Holden To Re-jig Production Shifts As Exports Soften, Some Casual Jobs To Go Photo:
Mike Stevens | Feb, 02 2012 | 0 Comments

Holden has announced that the General Assembly line at its Adelaide manufacturing plant will move to a single shift in May.

The move will see the loss up to 100 temporary and casual contractors, but with no voluntary or forced redundancies for permanent Holden employees.

The new shift pattern will see the carmaker move to a new 60-second production cycle, allowing for production to stay at around 400 vehicles per day.

Speaking with The Advertiser, Holden boss Mike Devereux said that the company will produce 90,000 cars in 2012, with the high Australian dollar putting a stopper on the company's forecasts for growth in its export program.

"We had a plan to make 460 cars a day ... that was the capacity of the plant. We have been ranging from 430 to 450 cars a day," Mr Devereux told the News Ltd paper.

He added that while the current exchange rate will stop the carmaker realising further export growth, "the shift changes allow us to maintain production levels and do it more efficiently".

In a statement today, Mr Devereux said the new shift pattern has been designed to minimise impact on permanent employees, and no voluntary or forced redundancies for those workers are expected.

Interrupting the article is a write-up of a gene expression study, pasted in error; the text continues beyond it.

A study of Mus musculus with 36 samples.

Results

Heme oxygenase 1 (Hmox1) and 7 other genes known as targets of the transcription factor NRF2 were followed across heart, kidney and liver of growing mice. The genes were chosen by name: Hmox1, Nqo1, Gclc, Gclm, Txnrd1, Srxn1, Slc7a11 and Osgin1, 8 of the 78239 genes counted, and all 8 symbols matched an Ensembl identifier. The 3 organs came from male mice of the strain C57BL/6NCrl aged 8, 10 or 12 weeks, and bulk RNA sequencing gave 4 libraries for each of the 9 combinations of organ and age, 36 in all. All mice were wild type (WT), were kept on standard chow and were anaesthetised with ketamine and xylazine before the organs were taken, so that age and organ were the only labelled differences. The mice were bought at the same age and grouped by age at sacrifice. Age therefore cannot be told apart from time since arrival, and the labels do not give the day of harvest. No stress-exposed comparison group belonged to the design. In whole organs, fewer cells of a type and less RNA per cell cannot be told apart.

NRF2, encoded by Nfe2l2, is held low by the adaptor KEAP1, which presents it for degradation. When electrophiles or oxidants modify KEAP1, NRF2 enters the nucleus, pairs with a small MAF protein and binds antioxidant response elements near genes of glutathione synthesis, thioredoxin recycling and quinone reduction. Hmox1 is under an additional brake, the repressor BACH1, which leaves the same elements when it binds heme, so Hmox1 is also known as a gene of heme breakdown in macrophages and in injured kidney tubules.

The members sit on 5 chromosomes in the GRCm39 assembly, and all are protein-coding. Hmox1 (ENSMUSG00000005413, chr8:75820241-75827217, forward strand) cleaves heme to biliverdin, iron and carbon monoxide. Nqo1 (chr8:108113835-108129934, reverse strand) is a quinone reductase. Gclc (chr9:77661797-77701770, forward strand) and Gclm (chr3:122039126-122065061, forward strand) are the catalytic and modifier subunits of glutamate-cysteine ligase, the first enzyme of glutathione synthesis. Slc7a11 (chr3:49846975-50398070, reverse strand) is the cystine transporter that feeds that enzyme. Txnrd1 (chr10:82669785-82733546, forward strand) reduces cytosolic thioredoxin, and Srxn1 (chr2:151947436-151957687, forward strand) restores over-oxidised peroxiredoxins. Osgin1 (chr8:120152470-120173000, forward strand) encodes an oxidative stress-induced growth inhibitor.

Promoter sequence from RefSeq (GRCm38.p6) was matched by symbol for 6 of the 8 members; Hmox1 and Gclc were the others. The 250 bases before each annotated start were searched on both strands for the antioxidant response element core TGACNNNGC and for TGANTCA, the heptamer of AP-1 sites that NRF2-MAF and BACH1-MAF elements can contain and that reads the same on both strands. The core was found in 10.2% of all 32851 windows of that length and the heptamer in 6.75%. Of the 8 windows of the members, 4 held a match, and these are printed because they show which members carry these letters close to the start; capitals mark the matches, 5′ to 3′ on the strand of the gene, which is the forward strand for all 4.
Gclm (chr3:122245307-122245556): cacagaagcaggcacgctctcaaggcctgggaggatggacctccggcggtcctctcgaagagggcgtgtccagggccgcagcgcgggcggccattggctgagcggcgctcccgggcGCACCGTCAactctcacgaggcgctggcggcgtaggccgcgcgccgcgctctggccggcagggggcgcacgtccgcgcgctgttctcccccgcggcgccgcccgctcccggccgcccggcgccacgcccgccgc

“Holden currently draws on a small pool of fixed term contractors and casual labour to help manage peaks and troughs in production, and these will be gradually reduced over the next 12 months."

Mr Devereux said that the change to General Assembly is necessary if Holden is to remain competitive on the global stage.

“Holden has set a very clear business strategy to grow sustainably, lower its cost base and make a small car in Elizabeth to ensure we are profitable on domestic production,” he said.

“Our results show what a success this has been for the industry. In 2011 Holden made around 90,000 vehicles, up more than 35 percent or 24,000 units compared to the previous year, with the growth driven largely by the Cruze hatch and sedan.”

As Holden moves to get its headcount and production aligned, it is clear that the company expects continued growth in Cruze sales, but with Commodore sales to continue to trend down.

While Cruze sales in 2011 were up 19.2 percent on 2010, the Commodore sedan lost top spot in passenger car sales in 2011, with 40,617 sales, compared to 45,956 sales for 2010 - a decline of 11.6 percent.

The trend to smaller cars, and the success of the Cruze, will likely see its production increase, taking its share of the assembly line out of Commodore numbers.

Holden boss Devereux will be speaking with media at 10:00am today. Watch this space.